March 2019 - Cipher Sherpa


 $10.95

This item is password protected and available to members of The Geocoin Club only. If you are a member of The Geocoin Club, you will receive the month's password in club newsletter email.

Design By: Chris Mackey 

Dimensions 50mm Wide

Thickness4.0  6.0 mm

Finish Antique Bronze
Enameling Soft Enamel

Trackable? Yes

Has Icon Yes

March 2019 - Cipher Sherpa

Design notes from Chris:  

I've been fortunate to have worked on a number of coins that dealt with encoding/decoding messages and information in the pursuit of elusive geocaches.  The very first time, it was a simple ROT 13 style.  Before long it would be a coin so complex that it would be similar to 32bit encryption.  Each time, I've spent quite a bit of time considering how to allow people to make the process both easier and more complex.  Of course, this tends to cause a bit of a juxtaposition.  How to make it both easy to use and also make it complex enough that it could provide a real challenge.  Time and time again I would come back to the idea of a Caesar (offset) cypher and all the possibilities it provided. 

   Then, while sketching out the possible scenario for a new design it occurred to me that the idea of an offset cypher was to move a set number of letters.  Each version I had seen always move the letters in a positive direction up to a total of 25 (+0) positions.  A coin, though, is round so why couldn't an offset move in BOTH directions for a more diverse set of combinations?  A base coin, with an inset ring that rotates freely in both positive and negative directions would allow this.  The ring is overlayed by a shaped pathtag that holds the 3 pieces together.  The shaped tag fits into one of 26 positions (-12 to 0 to +13) in the inner ring.  By doing this we can make the entire ROT 1-13 PLUS an additional -1 through -12 which I have never seen done before.  ie:  ROT 1 means the A is a B, ROT 2 means the A is a C, etc. (And of course ROT13 is our regular go-to encoding.)  But with Negatives in ROT -1 then A=Z, ROT -2 then A=Y, ROT -3 then A=X, etc.   This is a whole new take on ROT decrypting because it's allows both positive and negative offsets.  It's still a simple set of 25 different variations (so very easy to utilize), but with the additional negative numbers we can add a whole new variable to providing clues to decode messages.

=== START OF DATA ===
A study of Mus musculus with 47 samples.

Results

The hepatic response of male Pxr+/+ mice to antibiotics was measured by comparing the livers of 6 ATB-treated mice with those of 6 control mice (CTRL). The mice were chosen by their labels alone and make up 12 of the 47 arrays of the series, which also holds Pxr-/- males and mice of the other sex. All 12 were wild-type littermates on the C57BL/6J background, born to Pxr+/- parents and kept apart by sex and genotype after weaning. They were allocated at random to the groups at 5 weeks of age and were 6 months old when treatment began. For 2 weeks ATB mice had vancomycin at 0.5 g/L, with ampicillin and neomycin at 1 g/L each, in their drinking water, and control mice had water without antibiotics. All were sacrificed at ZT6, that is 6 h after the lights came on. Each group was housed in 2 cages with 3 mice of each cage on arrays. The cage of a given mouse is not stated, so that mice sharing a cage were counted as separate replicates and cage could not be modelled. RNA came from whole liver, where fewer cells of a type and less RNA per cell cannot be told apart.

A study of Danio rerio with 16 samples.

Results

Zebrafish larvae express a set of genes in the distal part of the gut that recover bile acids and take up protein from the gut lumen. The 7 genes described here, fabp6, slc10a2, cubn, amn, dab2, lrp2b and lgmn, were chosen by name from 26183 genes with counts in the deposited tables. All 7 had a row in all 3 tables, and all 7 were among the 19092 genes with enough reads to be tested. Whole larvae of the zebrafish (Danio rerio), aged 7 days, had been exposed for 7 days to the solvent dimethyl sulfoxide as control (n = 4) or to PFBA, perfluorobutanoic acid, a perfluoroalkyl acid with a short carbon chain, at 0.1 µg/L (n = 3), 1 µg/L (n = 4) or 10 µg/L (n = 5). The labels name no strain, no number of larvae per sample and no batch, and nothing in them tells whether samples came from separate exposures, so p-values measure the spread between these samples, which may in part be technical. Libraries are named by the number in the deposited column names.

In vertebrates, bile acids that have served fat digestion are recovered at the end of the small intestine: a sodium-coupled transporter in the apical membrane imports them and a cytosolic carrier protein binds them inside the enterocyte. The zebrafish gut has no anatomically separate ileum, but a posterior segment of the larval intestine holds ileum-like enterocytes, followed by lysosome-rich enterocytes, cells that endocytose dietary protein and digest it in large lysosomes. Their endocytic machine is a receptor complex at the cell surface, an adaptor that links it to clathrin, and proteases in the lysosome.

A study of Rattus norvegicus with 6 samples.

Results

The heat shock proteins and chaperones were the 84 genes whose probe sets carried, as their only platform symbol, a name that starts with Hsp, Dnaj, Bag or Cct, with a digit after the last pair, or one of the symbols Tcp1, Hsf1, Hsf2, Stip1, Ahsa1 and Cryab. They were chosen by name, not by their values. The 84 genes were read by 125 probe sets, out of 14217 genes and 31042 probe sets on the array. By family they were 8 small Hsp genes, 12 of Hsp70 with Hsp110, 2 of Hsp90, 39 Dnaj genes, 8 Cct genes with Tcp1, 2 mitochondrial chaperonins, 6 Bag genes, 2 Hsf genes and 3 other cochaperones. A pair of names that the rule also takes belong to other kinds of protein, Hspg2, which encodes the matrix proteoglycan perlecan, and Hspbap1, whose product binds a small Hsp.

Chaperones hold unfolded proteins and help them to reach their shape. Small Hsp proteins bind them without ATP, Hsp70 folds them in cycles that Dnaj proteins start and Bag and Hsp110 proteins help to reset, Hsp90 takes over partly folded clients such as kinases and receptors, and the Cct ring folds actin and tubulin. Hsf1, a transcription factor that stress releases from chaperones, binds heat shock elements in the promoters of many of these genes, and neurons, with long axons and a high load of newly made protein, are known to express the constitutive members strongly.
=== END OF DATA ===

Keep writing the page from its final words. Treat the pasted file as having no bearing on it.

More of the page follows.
By having multiple moving pieces we can overcome a bunch of visual hurdles and more importantly, it's so simple to use that even young children can learn to use it quickly and efficiently.  Simply reset your PathTag key to the offset number of your choice and rotate it to the "up" position so the arrow points at the red A.  For example choose an offset of +8 and an "A" equals "V" or turn the other way to an offset of -8 and that same "A" equals an "F".  Even children as young as 8 - 10 years old are now being educated in both positive and negative integers so this can be both fun and educational.

    Letter cyphers have long been enjoyed in many aspects of life going back in history for centuries, but Grecco Roman influence seems to be when it really blossomed.  The ancient god Apollo, the sun god, was known as an illuminator or one who enlightens and delivers Truth.  He was the patron of invention and clever design so it seemed appropriate to celebrate his influence here as one seeks to find truth through confusion.  He was known to carry a golden bow and arrows that always hit their mark.  His symbols were a lyre, swan or python (which was news to me!).  I like the idea of a benevolent deity who presides over one who is lost in a riddle and seeks enlightenment.  Give it a spin and see just how creative you can become in setting a puzzle for seekers of truth and caches!